Senior Lisa Jakubowicz has done what many great athletes do at the top of their game: compete in another sport.
Michael Jordan played on the Chicago White Sox for a season, and both Bo Jackson and Deion Sanders switched between the football gridiron and the baseball diamond.
What separates Jakubowicz from the crowd is that she actually excels at playing both of her sports, basketball and soccer.
At 6 feet 1 inch, Jakubowicz played for the Owls’ women’s basketball team for four consecutive seasons.
She was key in the team’s championship in the Atlantic-10 Conference Tournament last year, and was responsible for breaking the 56-56 tie in the championship game with 50.8 seconds remaining in the game.
Because of her tremendous performance last season, she was named the Most Improved Player on the team.
She averaged 7.7 points and 5.5 rebounds her senior season.
So why go from a sport where players can only use their hands to a sport where players can only use their feet?
“I knew I would have to take a fifth-year of school,” Jakubowicz explained.
“My major is elementary education and student teaching was hard to work into my schedule with basketball. I had to adjust my academic schedule around basketball. Soccer’s only from August to November,” she said.
“Basketball was basically September to April. It was practice everyday and we traveled a lot so it was a lot more demanding time-wise.”
Jakubowicz actually played soccer before playing basketball.
She began at the age of five, and continued to play throughout high school.
She earned All-Catholic honors at Conwell-Egan High School as a sophomore, junior and senior.
Head coach Seamus McWilliams had no bias when Jakubowicz stepped onto the field during preseason.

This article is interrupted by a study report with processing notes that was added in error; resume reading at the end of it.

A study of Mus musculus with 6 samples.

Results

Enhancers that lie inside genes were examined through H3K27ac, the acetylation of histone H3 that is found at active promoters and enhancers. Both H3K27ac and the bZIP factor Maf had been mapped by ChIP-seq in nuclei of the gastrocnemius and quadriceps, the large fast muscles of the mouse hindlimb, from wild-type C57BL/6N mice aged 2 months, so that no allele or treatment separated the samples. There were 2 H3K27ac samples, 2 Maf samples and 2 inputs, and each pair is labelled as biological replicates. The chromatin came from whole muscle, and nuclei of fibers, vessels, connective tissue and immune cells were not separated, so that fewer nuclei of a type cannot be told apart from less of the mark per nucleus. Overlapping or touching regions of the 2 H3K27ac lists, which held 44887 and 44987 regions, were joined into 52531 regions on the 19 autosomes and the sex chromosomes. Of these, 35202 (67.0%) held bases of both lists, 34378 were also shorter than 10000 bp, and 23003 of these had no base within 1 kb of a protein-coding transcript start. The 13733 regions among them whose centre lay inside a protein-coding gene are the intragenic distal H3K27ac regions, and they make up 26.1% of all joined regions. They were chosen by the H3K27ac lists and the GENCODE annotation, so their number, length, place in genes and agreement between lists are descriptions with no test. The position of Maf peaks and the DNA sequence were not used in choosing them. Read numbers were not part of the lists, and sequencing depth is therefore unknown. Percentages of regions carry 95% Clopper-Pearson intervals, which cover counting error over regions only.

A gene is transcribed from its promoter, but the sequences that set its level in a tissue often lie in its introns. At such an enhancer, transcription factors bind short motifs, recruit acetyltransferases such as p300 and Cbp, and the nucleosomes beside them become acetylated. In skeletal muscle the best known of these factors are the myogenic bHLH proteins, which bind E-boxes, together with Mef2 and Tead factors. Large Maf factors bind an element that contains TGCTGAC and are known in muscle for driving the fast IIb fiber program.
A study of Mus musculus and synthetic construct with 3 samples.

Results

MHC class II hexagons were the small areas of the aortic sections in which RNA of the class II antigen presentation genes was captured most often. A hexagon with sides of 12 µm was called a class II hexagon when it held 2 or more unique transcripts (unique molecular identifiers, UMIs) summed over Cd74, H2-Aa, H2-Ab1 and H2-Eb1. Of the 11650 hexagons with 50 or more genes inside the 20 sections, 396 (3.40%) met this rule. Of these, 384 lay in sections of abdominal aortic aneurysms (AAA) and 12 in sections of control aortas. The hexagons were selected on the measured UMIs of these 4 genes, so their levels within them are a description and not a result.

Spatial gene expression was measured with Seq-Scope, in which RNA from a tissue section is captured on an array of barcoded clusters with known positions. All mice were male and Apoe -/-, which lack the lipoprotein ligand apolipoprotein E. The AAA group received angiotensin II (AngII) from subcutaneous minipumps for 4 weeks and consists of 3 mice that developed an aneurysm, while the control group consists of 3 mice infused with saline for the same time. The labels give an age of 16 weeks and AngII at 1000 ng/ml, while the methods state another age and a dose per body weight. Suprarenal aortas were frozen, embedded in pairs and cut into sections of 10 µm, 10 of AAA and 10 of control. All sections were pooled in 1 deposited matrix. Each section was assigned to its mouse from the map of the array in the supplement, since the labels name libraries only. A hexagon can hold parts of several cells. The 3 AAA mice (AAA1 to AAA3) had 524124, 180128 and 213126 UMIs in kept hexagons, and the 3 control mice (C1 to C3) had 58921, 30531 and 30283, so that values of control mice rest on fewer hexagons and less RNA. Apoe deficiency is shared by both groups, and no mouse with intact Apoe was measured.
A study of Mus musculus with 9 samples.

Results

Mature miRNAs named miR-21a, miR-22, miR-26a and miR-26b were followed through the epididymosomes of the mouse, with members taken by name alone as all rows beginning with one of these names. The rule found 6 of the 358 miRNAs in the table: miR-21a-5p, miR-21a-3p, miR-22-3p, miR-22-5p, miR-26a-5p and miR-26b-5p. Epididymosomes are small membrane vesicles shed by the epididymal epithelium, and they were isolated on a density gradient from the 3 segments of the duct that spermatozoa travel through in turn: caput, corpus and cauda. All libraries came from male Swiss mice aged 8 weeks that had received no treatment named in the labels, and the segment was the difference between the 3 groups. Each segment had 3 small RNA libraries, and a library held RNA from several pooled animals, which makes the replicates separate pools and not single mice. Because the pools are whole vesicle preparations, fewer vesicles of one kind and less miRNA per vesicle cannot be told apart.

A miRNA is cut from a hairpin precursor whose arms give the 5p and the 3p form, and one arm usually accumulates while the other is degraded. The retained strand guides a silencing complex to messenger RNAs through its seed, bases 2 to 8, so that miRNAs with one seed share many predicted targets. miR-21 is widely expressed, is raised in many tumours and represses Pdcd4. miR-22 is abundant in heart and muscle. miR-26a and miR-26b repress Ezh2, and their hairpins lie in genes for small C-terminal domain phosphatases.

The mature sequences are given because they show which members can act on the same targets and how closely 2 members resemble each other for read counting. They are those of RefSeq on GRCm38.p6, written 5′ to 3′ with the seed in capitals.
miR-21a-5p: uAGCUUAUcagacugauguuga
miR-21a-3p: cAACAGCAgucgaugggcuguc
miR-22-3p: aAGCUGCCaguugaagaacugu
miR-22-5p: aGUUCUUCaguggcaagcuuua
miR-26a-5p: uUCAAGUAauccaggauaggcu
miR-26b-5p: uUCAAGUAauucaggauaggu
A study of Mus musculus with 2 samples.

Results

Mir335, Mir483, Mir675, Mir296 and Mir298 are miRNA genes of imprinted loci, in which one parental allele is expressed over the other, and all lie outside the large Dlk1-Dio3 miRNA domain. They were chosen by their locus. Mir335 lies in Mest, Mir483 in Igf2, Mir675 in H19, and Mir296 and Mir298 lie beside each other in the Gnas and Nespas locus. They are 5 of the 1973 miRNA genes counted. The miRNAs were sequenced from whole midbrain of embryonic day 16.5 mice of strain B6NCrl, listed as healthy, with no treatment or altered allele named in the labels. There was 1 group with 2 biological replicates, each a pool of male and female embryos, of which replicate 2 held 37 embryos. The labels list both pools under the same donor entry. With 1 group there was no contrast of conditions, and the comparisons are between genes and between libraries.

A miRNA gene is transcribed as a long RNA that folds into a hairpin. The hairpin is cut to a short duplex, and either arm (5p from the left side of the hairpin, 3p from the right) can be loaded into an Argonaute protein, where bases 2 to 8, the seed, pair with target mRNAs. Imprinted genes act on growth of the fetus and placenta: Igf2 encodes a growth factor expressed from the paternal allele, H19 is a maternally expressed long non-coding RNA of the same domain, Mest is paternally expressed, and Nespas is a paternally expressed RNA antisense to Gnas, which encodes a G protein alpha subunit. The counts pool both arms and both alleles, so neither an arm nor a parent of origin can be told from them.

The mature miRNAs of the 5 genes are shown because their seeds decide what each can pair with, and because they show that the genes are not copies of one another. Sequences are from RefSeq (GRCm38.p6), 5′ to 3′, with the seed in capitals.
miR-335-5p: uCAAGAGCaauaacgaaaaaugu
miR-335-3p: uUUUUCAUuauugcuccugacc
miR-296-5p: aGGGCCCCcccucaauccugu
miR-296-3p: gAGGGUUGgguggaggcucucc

There was no guarantee the she would be put on the team just because of her past athletic history.
“When we brought her in preseason there was no preconceived notions in terms of her making the team and winning a starting position,” McWilliams said.
“She earned that herself.”
His decision to give her a roster spot has given the team a new dynamic that he is very excited about.
“I just love everything about this kid, from the minute she arrives to the minute she leaves,” McWilliams said.
“She’s a consummate athlete. Every second she’s out there she gives you everything she has. I wish I had her for four years.”
The transition from basketball back to soccer wasn’t an easy one, however.
The training to prepare for the season consisted of strenuous amounts of long distance running, but at times even that couldn’t replicate the real leg work during a game.
“You can’t really prepare for a game running…in any sport,” Jakubowicz said.
“My position is center-half so you have to be everywhere on the field.”
However, when you’re 6’1″, sometimes you don’t have to run after the ball, you can let it come to you.
On any Owls cornerkick, Jakubowicz is always right in front of the net, drawing in as many defenders as she can, thus clearing space for the rest of the offensive line to score.
“We’re making her an attractive nuisance,” McWilliams said.
“We’re denying the goal keeper vision. Lisa’s there to create an opportunity for us.”
Jakubowicz’s only goal this season did not come from a cornerkick, however.
She scored the first of two goals in the Owls’ shutout victory over St. Francis on Sept. 22.
Steve Papurt can be reached at firstname.lastname@example.org.